This story originally appeared in Niagara Life Magazine
There’s something to be said about the ease of wine and beer: open bottle or can, pour into glass and drink. Fussy oenophiles decant at will, but for the rest of us that sums up how it’s done.
Yet someone who knows how to mix a cocktail does have a certain charm, no? For the physically uncoordinated, however, this can seem like a major spill and permanent stain waiting to happen. All the shiny gadgets required to serve the James Bonds in our lives could also leave us wanting to drown our sorrows for all the money we’d spend wetting their whistles.
But you really can mix a cocktail like a pro without turning your bar table into an advertisement for Williams-Sonoma.
Tools of the trade
Bank account be darned. There are certain tools you’ll need so use some of that money you set aside for high-end gin and buy the basics:
A one- and two- ounce jigger will make home bartender life easy. If yours doesn’t have measurement markers, fill to the widest point to get the right volume.
Not only will this help you channel your inner Tom Cruise à la Cocktail, you’ll be able to blend drink ingredients together while chilling them at the same time. Shaking aerates your concoction, which changes its consistency and mouth feel.
Tin-on-tin shakers are the choice of bartenders because they’re lighter and won’t break. You also won’t lose the cap — a possibility with a cobbler shaker, which renders it useless. Shakers are comprised of one 18-ounce tin and a 28-ouncer that fit together to create a seal when shaking.
It’s a metal teaspoon with an elongated handle that makes it easy to stir drinks in tall glasses. If you have something vaguely resembling such a gadget in a kitchen drawer somewhere, save your money and use that instead.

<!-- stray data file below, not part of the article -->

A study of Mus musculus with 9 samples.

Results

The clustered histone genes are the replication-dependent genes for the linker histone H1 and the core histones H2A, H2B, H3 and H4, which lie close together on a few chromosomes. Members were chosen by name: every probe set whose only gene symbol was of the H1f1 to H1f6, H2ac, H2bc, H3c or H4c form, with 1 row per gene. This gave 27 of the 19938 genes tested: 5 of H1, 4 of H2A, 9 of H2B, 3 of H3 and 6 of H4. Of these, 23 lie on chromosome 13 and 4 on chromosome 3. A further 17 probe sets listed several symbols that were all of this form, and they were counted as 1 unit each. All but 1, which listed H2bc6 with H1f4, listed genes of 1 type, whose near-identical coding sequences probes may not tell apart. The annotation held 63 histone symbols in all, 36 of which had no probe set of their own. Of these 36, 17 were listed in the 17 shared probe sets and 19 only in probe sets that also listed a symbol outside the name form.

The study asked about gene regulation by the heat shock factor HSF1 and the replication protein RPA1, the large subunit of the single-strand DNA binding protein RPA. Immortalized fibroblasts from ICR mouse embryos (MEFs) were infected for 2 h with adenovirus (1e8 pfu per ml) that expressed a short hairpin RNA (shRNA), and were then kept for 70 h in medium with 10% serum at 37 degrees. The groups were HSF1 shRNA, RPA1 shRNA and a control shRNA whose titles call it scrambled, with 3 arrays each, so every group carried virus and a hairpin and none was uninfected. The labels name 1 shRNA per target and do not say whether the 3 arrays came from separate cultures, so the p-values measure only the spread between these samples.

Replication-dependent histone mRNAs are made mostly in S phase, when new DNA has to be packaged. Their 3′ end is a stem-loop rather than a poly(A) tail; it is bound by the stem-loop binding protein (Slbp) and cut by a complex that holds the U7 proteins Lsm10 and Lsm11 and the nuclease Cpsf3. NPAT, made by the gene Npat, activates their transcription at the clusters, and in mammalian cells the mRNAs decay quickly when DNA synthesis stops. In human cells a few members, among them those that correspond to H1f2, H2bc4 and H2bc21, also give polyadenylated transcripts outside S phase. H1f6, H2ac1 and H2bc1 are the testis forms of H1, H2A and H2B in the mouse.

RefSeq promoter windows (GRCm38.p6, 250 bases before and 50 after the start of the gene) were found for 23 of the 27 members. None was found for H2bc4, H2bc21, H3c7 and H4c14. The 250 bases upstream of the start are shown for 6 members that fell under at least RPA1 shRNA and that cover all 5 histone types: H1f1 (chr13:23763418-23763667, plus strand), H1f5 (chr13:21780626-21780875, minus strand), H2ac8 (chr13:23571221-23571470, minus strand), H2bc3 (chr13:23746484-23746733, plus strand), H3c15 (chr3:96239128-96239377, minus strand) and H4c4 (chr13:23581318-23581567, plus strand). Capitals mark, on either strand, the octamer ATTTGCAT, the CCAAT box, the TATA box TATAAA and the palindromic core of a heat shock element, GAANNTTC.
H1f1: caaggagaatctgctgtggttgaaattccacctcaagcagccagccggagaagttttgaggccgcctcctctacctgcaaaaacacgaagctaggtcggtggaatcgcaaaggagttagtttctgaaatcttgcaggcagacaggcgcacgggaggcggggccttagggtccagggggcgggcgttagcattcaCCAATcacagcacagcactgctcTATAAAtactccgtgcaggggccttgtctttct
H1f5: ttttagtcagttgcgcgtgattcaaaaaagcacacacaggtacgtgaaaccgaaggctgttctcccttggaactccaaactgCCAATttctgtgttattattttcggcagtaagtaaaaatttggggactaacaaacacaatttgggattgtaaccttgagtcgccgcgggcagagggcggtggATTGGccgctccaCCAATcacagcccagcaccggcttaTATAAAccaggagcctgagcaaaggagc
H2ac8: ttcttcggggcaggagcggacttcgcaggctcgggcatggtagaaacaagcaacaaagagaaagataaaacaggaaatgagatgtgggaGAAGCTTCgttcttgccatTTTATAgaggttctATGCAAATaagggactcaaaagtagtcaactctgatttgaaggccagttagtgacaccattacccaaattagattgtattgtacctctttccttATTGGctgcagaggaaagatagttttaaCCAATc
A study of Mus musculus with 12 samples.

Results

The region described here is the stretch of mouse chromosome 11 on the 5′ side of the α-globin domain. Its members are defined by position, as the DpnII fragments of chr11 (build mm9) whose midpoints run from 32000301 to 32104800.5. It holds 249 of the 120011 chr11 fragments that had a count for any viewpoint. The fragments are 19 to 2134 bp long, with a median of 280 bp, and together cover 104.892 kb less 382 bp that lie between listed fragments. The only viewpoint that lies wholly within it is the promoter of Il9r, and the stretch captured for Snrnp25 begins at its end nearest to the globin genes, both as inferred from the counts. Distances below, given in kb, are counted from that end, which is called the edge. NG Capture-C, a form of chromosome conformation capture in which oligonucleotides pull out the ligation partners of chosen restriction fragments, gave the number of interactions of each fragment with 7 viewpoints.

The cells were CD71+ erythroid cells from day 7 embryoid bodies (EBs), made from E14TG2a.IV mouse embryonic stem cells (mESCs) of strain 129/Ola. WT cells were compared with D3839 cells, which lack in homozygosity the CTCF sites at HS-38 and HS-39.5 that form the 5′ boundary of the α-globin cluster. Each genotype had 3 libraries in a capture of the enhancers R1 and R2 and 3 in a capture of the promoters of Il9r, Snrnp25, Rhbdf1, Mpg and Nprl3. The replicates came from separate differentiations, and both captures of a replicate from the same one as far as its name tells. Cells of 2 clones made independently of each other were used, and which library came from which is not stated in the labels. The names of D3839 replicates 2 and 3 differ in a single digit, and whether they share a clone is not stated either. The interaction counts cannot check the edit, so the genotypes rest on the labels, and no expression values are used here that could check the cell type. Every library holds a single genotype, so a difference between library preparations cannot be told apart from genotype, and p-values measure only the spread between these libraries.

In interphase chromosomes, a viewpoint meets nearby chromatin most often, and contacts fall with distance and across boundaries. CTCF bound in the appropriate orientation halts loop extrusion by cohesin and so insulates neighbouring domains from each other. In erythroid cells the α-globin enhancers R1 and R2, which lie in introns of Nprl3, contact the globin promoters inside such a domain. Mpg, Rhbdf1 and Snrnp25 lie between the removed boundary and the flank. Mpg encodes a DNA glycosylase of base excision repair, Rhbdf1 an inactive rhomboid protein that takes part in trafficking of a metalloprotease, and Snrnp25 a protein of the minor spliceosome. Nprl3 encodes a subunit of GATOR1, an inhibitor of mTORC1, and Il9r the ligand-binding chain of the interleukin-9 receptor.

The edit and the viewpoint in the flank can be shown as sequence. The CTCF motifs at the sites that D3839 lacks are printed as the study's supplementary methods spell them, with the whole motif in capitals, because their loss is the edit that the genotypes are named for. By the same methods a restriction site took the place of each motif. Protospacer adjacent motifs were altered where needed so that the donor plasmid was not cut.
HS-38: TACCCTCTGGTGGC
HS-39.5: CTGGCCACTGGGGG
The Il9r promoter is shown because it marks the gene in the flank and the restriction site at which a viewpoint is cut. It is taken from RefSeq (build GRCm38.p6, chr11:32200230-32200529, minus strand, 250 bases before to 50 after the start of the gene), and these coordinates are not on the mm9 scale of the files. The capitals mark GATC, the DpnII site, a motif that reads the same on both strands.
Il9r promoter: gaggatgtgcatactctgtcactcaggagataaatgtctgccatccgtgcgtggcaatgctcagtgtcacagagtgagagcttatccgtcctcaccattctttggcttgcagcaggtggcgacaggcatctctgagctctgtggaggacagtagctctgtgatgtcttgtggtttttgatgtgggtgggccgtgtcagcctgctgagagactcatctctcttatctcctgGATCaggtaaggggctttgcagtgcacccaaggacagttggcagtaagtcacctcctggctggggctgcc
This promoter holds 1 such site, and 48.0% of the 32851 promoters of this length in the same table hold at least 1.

A mixing glass equipped with a spout for pouring stirred cocktails into a drinking glass may be a worthy investment if you don’t intend to join Team 007. Otherwise, just stir in the glass from which you’ll be sipping your handiwork later.
This keeps mixing ice, fruit, herbs and anything else solid that was in your shaker from winding up in your glass. Use a Hawthorne strainer. It’s the one with a metal coil to help it fit snugly in the tin of your shaker. It’s also the most versatile strainer. Otherwise, a small, cone-shaped, fine-mesh sieve works in a pinch.
Unless you’ll be drinking martinis, buy some highball glasses, which are perfect for longer drinks topped with soda. And don’t forget a few rocks glasses, the highball’s short, stocky cousin meant for the Old Fashioned and other cocktails or spirits served over ice. Whatever vessel you use, chill it in the freezer before pouring a drink into it. Sticking it in a snow bank will work, too. Ditto for filling it with ice and cold water while mixing your bevvy.
Shake, shake, shake
Add all the ingredients to the small tin of your shaker. Put the large tin on top, tapping gently to form a seal. Invert and always keep the larger tin on the bottom.
Place your hand over the seam, with two fingers on either side of it. Place your other hand on the bottom of the shaker for more support. Shake hard and short for about 20 seconds, with the shaker in front of you or next to your ear.
Gently tap the seam with with your palm to unhinge the tins, grab your strainer and chilled glass, and pour. Garnishes are optional, though depending whom you ask, a citrus twist isn’t, particularly if the fruit is in the cocktail.